I second the motion. I thank the member for Dunkley for bringing attention to this very important issue. Last September I brought forward a similar private members' motion and I spoke strongly against the use of sexual violence in conflict and the need for the perpetrators of such violence and evil to be held to account.
I am a strong supporter of UN resolution 1325 and the subsequent women, peace and security resolutions that have followed in recent years. I recently spoke at an event run by the Gender Institute and Centre for Military and Security Law for the 'Prosecute; don't perpetrate' campaign. I welcome the architect of the 'Prosecute; don't perpetrate' campaign, Susan Hutchinson, who is in the chamber with us today as we speak about this important issue that she has a very committed view on. She's been a strong advocate on this issue for many years.
The 'Prosecute; don't perpetrate' campaign calls on governments to investigate and prosecute the sexual violence perpetrated by their own nationals who fought with Daesh in Syria and Iraq. Members of Daesh have committed sexual violence, war crimes and crimes against humanity, and these crimes are classified as such because sexual violence, as perpetrated against the Yazidis, is with the intent to destroy in whole or in part the Yazidi community—in other words, genocide.
At the 'Prosecute; don't perpetrate' event last year we were joined by Shireen and her friends and family who have recently settled in Australia as refugees from northern Iraq. Shireen's family are from a village called Kocho, where Daesh undertook a sweeping campaign, killing thousands of Yazidis in August 2014. They kidnapped hundreds of women and girls, who were sold into sexual slavery, and buried the dead in mass graves. Shireen told her family's story in this very building as part of the official celebrations of World Refugee Day last year. She told how she'd been lucky to escape Kocho before Daesh came but how some of her family, including her sister, her sister's husband and their children were captured or killed.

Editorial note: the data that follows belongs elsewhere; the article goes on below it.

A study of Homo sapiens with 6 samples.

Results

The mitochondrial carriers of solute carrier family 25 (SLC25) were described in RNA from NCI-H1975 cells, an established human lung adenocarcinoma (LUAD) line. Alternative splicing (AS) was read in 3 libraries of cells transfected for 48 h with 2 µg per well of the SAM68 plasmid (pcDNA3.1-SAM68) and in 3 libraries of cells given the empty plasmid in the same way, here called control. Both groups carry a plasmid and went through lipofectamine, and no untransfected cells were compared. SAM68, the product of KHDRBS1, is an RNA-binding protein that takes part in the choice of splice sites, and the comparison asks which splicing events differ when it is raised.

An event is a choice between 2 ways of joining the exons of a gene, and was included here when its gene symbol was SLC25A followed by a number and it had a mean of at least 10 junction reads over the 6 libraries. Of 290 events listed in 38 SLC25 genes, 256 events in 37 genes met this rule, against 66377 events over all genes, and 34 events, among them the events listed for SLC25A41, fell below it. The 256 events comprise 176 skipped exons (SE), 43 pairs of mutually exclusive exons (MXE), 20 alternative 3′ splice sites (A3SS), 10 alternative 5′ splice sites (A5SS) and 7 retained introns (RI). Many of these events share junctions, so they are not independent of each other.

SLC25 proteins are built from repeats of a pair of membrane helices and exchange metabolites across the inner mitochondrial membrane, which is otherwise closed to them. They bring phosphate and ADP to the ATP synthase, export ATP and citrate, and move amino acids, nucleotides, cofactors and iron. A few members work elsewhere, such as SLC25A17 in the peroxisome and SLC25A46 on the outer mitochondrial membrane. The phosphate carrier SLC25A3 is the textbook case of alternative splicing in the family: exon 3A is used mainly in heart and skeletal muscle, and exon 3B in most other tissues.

From the back row of the event at the ANU I spoke at last year Shireen and her friends and family—and there were many of them—were weeping not only for the pain of hearing about the part some Australians played in the suffering of their community and from the ongoing trauma of missing loved ones but for the call to action that was very strong in that room, for their desire for recognition and for justice for what they experienced.
Last year I passed that motion calling for the investigation and prosecution of Australians who perpetrated sexual violence as war crimes and crimes against humanity while fighting with terrorist groups like Daesh in Syria and Iraq. And today we pass this motion. We speak on this motion which condemns the genocide perpetrated against the Yazidi people by Daesh and calls for continued support to investigate Australians who have allegedly perpetrated war crimes, crimes against humanity and genocide, including through the use of sexual violence; to prosecute them as appropriate; and to support international efforts to gather evidence, investigate and prosecute those responsible for international crimes perpetrated by Daesh in Iraq and Syria.
The 2016 UN independent commission of inquiry on Syria recorded the gruesome details of crimes against the Yazidis. We know that women and girls have suffered terribly throughout the genocide and that survivors, including those now living in Australia, continue to grieve over their lost relatives and suffer flashbacks from their own torture. Australia has criminalised sexual violence, war crimes, crimes against humanity and genocide, but the last time an Australian court heard a case of war crimes was in 1951. That's a long time ago.
This parliament has updated Australia's legislation on war crimes to ensure that it applies to members of organisations such as Daesh. When we ratified the Rome Statute of the International Criminal Court, we took on the responsibility of investigating war crimes, crimes against humanity and genocide, and prosecuting them in our own courts. Now is the time to take up that responsibility. We must gather the legal testimony of victims and witnesses to this genocide committed by Daesh including their heinous use of sexual violence against the Yazidis who now call Australia home. We must include such evidence in investigations conducted by Australian authorities and share it with the international investigative mechanisms established in Syria and Iraq. I hope this motion acts as the next step towards Australia pursuing victims of Daesh's heinous crimes.